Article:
The Benefits of Eggplant

Eggplant, or aubergine, is nutritious and diet-friendly; 1 cup of eggplant contains just 38 calories. Although especially popular in Asian, Mediterranean and Middle Eastern cuisine, this vegetable works in a wide variety of dishes. Try it baked, grilled, fried or boiled, with or without soup stock or tomato juice, to discover which taste you prefer. You can also stuff eggplants with meat, cheese or vegetables.


Source of Fiber

Eggplants are an excellent source of soluble fiber. In addition to keeping the intestine healthy, fiber helps reduce blood cholesterol levels. This, in turn, may help protect your cardiovascular system from the damaging effects of high cholesterol. A 100 gram, or 3.5 ounce, serving of boiled eggplant has 2.5 grams of fiber, according to the U.S. Department of Agriculture's Nutrient Data Laboratory. This means 1 cup of eggplant provides around 10 percent of your daily fiber requirement.


Among the nutrients abundant in eggplant are potassium, iron, zinc and B-complex vitamins. A 100 gram serving of boiled eggplant contains 123 milligrams potassium, a mineral that keeps the heart and other muscles functioning normally. Eggplant also supplies vitamins B1, or thiamine, B6, or pyridoxine and B3 or niacin and folate. B vitamins help regulate your metabolism and are critical to the body's ability to extract energy from food. They also keep your skin and nervous system healthy and help form red blood cells.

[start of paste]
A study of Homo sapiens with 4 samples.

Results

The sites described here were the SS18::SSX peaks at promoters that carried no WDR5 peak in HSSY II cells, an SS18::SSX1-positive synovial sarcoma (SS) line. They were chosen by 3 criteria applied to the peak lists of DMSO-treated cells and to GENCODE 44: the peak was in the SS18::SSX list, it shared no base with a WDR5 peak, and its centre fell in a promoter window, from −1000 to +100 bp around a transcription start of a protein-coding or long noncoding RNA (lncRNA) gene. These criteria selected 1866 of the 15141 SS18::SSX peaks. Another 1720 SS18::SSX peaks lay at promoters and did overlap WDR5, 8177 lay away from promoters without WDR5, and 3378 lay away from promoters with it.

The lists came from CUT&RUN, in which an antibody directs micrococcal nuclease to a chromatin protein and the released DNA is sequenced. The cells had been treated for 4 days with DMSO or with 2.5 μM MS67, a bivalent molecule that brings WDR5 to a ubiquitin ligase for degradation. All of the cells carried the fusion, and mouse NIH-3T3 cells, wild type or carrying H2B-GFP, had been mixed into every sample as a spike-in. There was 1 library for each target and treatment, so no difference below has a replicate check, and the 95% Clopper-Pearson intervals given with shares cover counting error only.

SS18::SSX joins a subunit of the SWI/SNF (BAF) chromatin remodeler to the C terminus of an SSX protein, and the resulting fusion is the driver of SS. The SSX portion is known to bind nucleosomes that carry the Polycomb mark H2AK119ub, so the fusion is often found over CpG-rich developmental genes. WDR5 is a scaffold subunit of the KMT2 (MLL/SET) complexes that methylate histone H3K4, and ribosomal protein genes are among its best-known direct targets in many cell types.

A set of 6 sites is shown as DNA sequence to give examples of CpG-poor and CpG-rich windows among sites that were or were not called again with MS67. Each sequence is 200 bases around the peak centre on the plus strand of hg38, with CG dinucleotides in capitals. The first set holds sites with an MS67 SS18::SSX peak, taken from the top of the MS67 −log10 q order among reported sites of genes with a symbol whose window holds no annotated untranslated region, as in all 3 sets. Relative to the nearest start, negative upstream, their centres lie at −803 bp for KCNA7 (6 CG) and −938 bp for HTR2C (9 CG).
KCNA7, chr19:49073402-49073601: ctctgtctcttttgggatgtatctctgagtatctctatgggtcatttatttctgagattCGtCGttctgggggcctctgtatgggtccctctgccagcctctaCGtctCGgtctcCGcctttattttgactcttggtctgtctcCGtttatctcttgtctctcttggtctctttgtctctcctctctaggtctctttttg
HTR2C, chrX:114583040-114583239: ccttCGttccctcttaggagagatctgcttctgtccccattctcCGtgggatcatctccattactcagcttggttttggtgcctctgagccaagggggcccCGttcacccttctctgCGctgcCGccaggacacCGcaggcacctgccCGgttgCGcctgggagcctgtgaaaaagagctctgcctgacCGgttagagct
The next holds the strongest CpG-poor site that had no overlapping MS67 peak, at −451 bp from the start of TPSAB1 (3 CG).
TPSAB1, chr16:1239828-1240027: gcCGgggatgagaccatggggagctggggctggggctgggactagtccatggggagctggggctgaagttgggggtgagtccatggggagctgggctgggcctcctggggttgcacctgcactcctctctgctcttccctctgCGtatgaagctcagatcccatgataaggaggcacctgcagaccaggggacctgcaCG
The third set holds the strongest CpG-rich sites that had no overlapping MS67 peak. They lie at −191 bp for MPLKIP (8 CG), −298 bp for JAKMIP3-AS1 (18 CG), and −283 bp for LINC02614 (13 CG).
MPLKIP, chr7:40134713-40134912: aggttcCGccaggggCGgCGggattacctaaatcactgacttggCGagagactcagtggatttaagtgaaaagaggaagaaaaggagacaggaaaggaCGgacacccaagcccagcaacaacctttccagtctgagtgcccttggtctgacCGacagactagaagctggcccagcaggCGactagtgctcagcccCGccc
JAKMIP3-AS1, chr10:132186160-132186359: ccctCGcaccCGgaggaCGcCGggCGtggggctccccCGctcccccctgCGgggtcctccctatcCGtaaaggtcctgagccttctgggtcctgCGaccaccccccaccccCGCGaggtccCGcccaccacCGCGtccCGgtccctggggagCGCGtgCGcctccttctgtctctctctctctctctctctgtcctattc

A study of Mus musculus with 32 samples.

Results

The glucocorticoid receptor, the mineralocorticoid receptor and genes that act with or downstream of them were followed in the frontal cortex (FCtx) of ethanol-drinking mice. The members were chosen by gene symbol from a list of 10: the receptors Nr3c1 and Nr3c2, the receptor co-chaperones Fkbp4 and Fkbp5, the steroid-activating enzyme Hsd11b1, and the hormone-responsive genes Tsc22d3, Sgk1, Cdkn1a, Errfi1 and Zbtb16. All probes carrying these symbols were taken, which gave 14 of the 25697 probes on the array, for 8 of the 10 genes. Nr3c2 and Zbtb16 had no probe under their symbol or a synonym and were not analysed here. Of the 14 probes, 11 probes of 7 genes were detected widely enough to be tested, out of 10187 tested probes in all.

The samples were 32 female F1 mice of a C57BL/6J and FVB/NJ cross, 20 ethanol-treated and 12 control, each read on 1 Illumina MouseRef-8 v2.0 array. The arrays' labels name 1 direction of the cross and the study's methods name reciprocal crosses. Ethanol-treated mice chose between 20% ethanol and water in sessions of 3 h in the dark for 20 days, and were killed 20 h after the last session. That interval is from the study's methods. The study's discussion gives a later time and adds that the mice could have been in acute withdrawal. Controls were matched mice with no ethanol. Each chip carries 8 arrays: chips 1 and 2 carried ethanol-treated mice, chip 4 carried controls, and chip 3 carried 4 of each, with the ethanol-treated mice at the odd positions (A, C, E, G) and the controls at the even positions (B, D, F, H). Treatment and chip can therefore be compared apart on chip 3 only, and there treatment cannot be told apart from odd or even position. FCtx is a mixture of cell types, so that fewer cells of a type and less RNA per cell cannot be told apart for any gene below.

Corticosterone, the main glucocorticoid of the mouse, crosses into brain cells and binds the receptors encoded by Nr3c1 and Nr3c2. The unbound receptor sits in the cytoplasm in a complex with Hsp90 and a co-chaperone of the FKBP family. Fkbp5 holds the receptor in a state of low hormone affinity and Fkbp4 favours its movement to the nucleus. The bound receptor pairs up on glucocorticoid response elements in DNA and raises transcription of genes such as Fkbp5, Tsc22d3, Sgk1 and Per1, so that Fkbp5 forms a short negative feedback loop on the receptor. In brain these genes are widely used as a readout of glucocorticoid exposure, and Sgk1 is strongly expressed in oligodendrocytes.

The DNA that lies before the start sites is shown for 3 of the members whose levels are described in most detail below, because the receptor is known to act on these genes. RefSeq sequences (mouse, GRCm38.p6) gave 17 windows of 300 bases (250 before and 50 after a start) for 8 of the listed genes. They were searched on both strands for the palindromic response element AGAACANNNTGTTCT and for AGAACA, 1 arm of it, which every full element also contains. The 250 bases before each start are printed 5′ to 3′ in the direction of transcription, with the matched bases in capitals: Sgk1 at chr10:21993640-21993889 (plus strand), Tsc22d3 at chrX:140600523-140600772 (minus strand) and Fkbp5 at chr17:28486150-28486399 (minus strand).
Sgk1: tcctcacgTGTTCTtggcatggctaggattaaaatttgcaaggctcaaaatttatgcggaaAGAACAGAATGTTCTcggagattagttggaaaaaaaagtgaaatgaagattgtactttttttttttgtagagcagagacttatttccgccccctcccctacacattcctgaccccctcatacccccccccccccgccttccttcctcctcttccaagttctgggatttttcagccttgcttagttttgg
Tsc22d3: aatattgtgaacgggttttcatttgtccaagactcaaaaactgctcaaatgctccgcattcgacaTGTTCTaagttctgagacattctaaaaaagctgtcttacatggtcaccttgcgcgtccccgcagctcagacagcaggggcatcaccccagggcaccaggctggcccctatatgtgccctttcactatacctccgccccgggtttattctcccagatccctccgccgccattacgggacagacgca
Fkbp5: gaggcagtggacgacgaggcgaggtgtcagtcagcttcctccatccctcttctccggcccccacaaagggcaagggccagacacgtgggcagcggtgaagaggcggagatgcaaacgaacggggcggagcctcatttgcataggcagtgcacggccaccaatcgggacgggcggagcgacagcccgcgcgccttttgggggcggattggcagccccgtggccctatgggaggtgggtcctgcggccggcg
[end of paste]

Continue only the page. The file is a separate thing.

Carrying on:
Antioxidant Phytonutrients

Like many blue and purple fruits and vegetables, eggplants contain anthocyanins. These plant-based nutrients are antioxidants that help protect cells from damage by free radicals. Anthocyanins may also lower your risk of cancer and cardiovascular disease, suggest nutrition experts from the U.S. Army Center for Health Promotion and Preventive Medicine. Nasunins are one type of anthocyanins in purple eggplants. Nasunins slow angiogenisis, or blood vessel formation, which could inhibit tumor growth. Additionally, the chlorogenic acid in eggplant may help lower LDL cholesterol and protect the body from viruses.

Rounding out Your Diet

Eggplants can help you meet your daily requirements for vegetables, according to the U.S. Department of Agriculture, USDA. Of people who get less than 30 minutes of moderate exercise, such as gardening or long walks, not including daily activities, women ages 19 to 50 should eat 2 1/2 cups of vegetables daily, while men in this age group need 3 cups, according to the USDA. Choosing vegetables from different color groups helps ensure you get a variety of nutrients. Of vegetables in the blue/purple group, eggplant is one of the best sources of phenolics, which are also health-benefiting antioxidants, according to the U.S. Army of Center for Health Promotion and Preventative Medicine.

Choosing and Preparing Eggplant

To get the greatest benefits from eggplant, choose fresh, ripe specimens and prepare them in a healthy way. Ripe eggplants should have glossy bright purple skin and feel firm and heavy. Some species may be light purple or white, but brown streaks and wrinkled skin indicate an eggplant that's no longer fresh. Bake or boil your eggplants. Frying eggplant requires a large amount of cooking fat, which adds calories. If you do fry, use a vegetable oil like sunflower oil, rather than butter, advises Sam Montel, a nutritionist with the UK Food Standards Agency.